The announcement of the Finnish 450 MHz cellular data licence isn’t today’s surprise; the surprise is that Flarion – the technology provider – is not announcing that Flash-OFDM is now an ITU standard. There should have been such an announcement: why the delay?
Politics is as important as technology to the future of wireless broadband, and the battle between next generation technology providers is being fought between Qualcomm and Flarion on one hand, and Qualcomm and IP Wireless on the other.
The claim made by Flarion is that if you use normal cellphone frequencies, but add orthogonal frequency division multiplexing technology to it, you can get an order of magnitude more users per cell, and more data per user. Finland seems to have bought the idea: the first Flash-OFDM network contract has been awarded.
It could be the first domino.
Europe has been playing with Flarion technology for a couple of years. Trials have been set up – like the T-Mobile experiment in The Hague last year. And more significantly, there have been rumours of trials in Eastern Europe – countries like Lithuania and Estonia.
Traditionally, Finland has been a pioneer of high speed data, and those countries take their cue for technology from there; and the buzz in the cellular world is that several Governments in former Eastern Bloc territories will now follow suit and buy Flash-OFDM.
The Finnish contract is for re-using the old analogue phone frequencies. The same 450 MHz band is coming up for re-assignment in many European countries, and the front runners there, as in Finland, will be Qualcomm’s CDMA technology.
Qualcomm isn’t going to take that lying down. It’s been trying to lobby European and Eastern European and Middle Eastern comms authorities for a while – unsuccessfully, so far.
A couple of contracts will go to Qualcomm – because it owns majority shares in the network providers there. But this is a major setback for its plan to win back the geography it lost when GSM was invented.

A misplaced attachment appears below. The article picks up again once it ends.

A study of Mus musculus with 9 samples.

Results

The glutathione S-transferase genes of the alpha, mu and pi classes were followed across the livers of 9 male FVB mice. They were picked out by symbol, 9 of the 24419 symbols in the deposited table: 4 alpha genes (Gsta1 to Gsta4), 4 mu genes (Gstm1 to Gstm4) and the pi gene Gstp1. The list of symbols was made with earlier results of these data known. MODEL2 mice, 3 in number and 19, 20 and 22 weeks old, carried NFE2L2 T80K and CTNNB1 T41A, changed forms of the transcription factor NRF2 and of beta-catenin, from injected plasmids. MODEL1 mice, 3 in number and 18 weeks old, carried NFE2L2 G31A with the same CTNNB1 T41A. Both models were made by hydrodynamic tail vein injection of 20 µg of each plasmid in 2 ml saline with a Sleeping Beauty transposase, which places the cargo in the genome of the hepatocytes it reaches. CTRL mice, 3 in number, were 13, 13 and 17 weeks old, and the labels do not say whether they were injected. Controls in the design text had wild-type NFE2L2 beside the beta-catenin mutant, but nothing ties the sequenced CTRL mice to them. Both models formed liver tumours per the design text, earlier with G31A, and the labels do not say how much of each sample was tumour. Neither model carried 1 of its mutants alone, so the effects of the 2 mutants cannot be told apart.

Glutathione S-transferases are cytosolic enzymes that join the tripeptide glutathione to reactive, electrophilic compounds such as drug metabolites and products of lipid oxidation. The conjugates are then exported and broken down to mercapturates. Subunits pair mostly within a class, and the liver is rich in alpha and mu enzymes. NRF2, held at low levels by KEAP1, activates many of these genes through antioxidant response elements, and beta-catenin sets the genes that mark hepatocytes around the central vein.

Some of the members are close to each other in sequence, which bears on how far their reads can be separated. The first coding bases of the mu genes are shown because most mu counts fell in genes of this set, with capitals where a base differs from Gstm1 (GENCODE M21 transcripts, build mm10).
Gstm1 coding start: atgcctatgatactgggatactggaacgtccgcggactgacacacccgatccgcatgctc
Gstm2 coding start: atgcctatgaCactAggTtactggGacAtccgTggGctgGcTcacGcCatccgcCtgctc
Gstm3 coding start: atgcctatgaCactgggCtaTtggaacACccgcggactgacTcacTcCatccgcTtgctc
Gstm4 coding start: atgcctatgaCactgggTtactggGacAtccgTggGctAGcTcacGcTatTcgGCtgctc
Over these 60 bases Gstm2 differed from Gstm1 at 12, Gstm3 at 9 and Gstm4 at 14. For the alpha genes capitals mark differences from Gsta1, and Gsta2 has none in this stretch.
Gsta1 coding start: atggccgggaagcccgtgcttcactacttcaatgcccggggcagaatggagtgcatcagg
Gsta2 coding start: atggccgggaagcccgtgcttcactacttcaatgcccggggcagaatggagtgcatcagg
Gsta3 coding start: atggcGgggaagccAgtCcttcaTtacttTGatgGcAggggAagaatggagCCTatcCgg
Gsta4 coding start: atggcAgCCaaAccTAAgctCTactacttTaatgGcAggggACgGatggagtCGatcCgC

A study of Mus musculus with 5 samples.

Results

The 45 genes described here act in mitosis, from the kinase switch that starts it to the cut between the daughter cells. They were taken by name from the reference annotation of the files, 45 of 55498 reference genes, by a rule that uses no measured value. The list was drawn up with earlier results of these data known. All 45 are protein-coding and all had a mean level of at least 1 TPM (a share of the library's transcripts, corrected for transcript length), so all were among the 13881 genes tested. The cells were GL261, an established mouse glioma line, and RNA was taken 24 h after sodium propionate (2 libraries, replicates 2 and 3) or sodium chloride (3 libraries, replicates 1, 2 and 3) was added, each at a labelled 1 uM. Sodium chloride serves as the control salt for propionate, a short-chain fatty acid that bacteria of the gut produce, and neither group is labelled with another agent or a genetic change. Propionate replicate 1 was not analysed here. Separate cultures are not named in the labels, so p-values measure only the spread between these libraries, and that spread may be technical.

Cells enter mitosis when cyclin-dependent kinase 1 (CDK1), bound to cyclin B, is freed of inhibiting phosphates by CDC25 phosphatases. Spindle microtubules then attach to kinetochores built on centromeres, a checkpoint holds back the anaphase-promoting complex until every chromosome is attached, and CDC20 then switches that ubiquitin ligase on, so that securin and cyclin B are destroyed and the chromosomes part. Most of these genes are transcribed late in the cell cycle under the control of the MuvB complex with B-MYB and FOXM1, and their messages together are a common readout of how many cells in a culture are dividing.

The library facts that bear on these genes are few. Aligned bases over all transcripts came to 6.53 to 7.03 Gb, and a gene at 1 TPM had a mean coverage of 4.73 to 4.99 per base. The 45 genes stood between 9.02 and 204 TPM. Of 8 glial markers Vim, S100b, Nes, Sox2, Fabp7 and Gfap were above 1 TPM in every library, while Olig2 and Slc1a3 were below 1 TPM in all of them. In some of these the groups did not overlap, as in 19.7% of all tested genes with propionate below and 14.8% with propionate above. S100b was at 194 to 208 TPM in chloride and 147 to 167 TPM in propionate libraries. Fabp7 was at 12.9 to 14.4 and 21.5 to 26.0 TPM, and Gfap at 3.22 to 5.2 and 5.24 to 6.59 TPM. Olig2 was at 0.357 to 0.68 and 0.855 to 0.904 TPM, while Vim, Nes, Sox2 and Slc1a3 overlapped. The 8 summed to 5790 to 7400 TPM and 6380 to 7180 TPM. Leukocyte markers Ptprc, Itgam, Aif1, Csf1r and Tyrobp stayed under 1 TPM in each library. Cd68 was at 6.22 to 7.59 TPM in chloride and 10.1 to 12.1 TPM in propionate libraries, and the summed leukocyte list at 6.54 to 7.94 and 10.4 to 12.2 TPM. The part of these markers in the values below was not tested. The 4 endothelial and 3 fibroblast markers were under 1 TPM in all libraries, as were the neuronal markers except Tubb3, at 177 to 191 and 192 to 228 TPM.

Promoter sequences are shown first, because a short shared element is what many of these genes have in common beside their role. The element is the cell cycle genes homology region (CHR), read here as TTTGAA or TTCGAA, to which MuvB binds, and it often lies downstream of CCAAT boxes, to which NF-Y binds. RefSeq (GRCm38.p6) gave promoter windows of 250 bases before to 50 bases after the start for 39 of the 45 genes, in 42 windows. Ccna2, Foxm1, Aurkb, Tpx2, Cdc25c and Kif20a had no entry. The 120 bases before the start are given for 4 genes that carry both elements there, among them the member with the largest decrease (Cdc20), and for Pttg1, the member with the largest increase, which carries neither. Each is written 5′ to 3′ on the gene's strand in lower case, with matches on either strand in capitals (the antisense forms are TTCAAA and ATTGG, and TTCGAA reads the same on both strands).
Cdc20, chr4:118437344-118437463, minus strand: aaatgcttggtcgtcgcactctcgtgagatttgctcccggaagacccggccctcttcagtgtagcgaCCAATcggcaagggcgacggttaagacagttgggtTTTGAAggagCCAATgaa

Official details of the announcement include optimistic pronouncements from Flarion, but nothing about what really matters: the need for the Flarion Flash-OFDM technology to be a standard.
The reason for that, say sources in the IEEE, is simple: the standard was supposed to be announced by both the ITU and the IEEE. But the 802.20 process is stalled, and nobody who knows what is going on inside the IEEE doubts that this is because Qualcomm is lobbying fiercely, using “patriotic” arguments.
The result is that in a sense, Qualcomm will win: the ITU will adopt the Flarion technology, and the IEEE will delay its announcement – possibly for months, even years.
That will make the matter look as if it is Europe against America. That in turn could hold up the standardisation process even longer; American technology companies don’t all worship at the CDMA altar, and many of them are making fortunes out of GSM. But Congress is full of people who do not understand this. And Qualcomm lobbyists will not fail to exploit this.
The losers, of course, will be the mobile networks. They need this sort of technology if they are to survive the avalanche of ideas like BT Fusion. Fusion has gone off half-cocked, perhaps; but the idea will be refined, and not only by BT and Vodafone.
What the operators of the world need is a technology that gives them data speeds and capacities, sufficient to match what can be done with technology like WiFi and WiMAX. So Qualcomm may not, in fact, make itself too many friends by forcing people to choose between CDMA and WiFi, when their tests seem to show that there is a viable alternative.
Guy Kewney has been writing on technology for longer than most. He runs NewsWireless.net as well as writing for many including VNU.